When Scobie and Ishmael get to the stadium, Mr. Hardcastle seats them behind the St. Daniel’s bench. The boys watch the players warm up. To Ishmael, the Churchill team seems way bigger. Fortunately, Churchill’s biggest, scariest player, Frankie Crow, is out with a knee injury. The first half of the game is a grind. By halftime, each team has one touchdown—and Coach Hardcastle tells Scobie to get ready. Near the end of halftime, Scobie takes the microphone, marches onto the field, and reads his poem. The crowd screams as he recites it and, by the end, the team seems ready to fight.
Ishmael’s observation about the size of the Churchill players shows that he’s still not totally convinced that language can win out over physical attributes. And the state of the game by halftime seems to support this: St. Daniel’s seems to be struggling. But Scobie’s poem also seems to come to the rescue and spur the smaller, weaker St. Daniel’s players to try even harder to beat Churchill.
Throughout the second half, the St. Daniel’s team fights hard. But near the end of the fourth quarter, the boys are clearly tired. For no apparent reason, Coach Hardcastle replaces the team’s best wide receiver with Peter Chung, who’s well-liked but a poor player. His only skill is being able to run. Soon after, Frankie Crow takes the field, his knee bandaged. He takes his place opposite Peter. Peter looks terrified.
Importantly, the novel never goes so far as to suggest that someone who’s bigger or physically violent isn’t scary. This is why Ishmael has been afraid of Barry, and this is why Peter is terrified when he finds himself opposite Frankie Crow. But it also seems likely that, somehow, language is going to come to the rescue and level the field here.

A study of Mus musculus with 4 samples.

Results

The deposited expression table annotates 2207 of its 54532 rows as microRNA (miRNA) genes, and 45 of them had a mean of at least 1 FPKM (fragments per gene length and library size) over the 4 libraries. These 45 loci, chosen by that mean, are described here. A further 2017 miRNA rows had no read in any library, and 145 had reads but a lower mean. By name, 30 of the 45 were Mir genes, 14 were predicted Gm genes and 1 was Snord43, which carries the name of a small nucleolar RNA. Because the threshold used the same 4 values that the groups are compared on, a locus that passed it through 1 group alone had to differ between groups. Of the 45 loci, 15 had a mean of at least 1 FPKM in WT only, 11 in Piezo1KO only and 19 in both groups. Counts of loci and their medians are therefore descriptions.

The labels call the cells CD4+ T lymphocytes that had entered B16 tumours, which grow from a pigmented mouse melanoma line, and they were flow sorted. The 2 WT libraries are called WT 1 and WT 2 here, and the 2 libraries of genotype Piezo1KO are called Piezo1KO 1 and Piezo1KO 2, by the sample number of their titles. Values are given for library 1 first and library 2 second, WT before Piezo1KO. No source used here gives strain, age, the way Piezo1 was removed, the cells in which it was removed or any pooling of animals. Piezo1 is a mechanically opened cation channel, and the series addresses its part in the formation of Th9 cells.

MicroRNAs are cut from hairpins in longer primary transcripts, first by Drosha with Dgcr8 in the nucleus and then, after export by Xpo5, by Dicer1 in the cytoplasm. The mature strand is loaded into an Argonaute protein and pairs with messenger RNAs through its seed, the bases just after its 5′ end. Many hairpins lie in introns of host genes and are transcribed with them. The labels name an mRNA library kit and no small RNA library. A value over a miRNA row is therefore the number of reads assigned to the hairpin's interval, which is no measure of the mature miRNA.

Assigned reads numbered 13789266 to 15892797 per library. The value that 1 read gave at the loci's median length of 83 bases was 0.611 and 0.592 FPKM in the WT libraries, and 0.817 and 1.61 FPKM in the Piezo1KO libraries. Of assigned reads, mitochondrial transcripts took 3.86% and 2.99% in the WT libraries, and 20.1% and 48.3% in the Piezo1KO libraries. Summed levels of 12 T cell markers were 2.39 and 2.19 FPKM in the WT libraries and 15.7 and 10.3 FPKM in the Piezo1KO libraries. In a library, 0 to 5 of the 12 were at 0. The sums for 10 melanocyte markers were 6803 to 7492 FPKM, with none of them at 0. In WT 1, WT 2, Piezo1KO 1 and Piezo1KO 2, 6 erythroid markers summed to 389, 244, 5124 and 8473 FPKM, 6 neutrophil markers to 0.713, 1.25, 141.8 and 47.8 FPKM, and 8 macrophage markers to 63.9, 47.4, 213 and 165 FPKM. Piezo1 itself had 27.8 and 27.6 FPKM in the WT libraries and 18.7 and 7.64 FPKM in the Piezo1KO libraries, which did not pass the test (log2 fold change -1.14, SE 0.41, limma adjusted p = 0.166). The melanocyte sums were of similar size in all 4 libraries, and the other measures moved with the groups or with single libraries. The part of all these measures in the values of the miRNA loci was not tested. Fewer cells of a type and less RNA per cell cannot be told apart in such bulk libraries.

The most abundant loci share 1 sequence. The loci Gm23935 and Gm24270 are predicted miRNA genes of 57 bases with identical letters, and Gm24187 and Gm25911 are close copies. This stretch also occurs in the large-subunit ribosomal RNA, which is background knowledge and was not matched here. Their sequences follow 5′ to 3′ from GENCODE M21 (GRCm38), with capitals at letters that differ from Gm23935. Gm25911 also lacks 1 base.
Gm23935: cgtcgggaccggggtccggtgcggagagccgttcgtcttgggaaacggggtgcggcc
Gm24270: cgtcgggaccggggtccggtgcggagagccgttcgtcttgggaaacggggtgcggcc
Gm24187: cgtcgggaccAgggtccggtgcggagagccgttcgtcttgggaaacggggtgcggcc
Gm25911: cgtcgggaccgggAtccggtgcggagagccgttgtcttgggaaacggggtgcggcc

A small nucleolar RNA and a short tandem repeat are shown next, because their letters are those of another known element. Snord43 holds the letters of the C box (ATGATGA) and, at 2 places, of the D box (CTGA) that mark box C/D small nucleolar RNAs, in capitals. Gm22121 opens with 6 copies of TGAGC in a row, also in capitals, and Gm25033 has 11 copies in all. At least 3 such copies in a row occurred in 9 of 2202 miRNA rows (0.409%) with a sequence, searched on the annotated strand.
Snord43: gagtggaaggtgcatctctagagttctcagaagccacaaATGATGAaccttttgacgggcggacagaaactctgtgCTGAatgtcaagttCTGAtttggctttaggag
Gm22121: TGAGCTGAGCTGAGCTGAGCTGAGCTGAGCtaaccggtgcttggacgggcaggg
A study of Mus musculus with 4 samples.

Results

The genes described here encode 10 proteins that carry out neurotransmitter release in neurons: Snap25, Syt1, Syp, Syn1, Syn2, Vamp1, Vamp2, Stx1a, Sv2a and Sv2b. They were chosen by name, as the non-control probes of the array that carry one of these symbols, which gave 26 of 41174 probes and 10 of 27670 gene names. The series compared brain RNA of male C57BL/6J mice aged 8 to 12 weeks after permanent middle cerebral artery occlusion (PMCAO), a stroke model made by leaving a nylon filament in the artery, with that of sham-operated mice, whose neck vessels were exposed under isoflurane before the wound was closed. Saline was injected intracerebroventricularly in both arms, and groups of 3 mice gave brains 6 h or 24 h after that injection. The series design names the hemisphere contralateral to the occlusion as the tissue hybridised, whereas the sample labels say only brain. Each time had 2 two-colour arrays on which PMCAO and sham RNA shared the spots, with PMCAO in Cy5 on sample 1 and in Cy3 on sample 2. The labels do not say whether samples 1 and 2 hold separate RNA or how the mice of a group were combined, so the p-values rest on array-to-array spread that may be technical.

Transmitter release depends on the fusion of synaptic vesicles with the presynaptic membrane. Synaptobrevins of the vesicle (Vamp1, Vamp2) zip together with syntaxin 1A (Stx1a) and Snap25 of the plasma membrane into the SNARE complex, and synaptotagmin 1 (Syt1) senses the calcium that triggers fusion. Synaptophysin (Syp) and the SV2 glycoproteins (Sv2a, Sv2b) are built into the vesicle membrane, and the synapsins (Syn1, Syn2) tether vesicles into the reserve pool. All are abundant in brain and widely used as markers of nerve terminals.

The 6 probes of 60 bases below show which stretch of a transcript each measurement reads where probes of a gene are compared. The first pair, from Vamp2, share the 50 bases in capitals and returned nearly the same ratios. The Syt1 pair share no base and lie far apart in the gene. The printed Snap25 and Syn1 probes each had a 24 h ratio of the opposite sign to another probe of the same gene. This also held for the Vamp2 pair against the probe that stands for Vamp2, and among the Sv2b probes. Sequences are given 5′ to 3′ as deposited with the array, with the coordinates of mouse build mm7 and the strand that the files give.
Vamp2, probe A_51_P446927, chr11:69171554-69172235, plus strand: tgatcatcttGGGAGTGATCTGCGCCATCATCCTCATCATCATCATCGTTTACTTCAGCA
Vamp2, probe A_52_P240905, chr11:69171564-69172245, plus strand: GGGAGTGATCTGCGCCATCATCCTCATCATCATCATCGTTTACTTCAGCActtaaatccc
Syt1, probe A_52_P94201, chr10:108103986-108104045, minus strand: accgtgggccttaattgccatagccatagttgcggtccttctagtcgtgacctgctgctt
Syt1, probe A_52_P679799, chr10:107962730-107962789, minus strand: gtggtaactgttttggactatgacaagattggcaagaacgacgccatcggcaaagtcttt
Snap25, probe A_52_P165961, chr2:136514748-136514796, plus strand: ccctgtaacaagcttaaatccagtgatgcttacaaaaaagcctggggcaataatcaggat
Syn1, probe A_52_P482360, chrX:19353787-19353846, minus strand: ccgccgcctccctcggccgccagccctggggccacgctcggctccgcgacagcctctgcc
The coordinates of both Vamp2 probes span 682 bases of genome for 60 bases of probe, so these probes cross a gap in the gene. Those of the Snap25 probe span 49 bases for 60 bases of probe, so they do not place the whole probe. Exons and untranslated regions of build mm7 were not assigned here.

With less than one minute left, St. Daniel’s lines up for what Ishmael knows will be a pass to Peter. Scobie stands up and starts shouting lines from his poem—and Peter takes off. He and Frankie Crow both leap at the ball and, unsurprisingly, Frankie steamrolls Peter. But Frankie twists his knee and falls. Peter snatches the ball and races down the field, evading a defensive back and stopping right in front of the endzone. Peter plays it up, pretending to listen to the crowd before stepping into the endzone. Coach Hardcastle weeps as the team mobs Peter. Two huge linemen lift Scobie onto their shoulders and parade him around. Scobie shouts for people to come to the debate meetings next week. Ishmael admires Scobie, but there’s no way he’s going.
Ishmael attributes the St. Daniel’s win to Scobie’s poem (and Coach Hardcastle, as well as the other players, seem to feel the same way). This is an acknowledgement that carefully chosen language can increase the overall power of someone who isn’t as physically powerful (as it did for Peter Chung). But while Ishmael can acknowledge this and agree that Scobie did something amazing here, he’s still not fully sold on the possibility that language can help him. This is why he’s not at all interested in joining the debate team.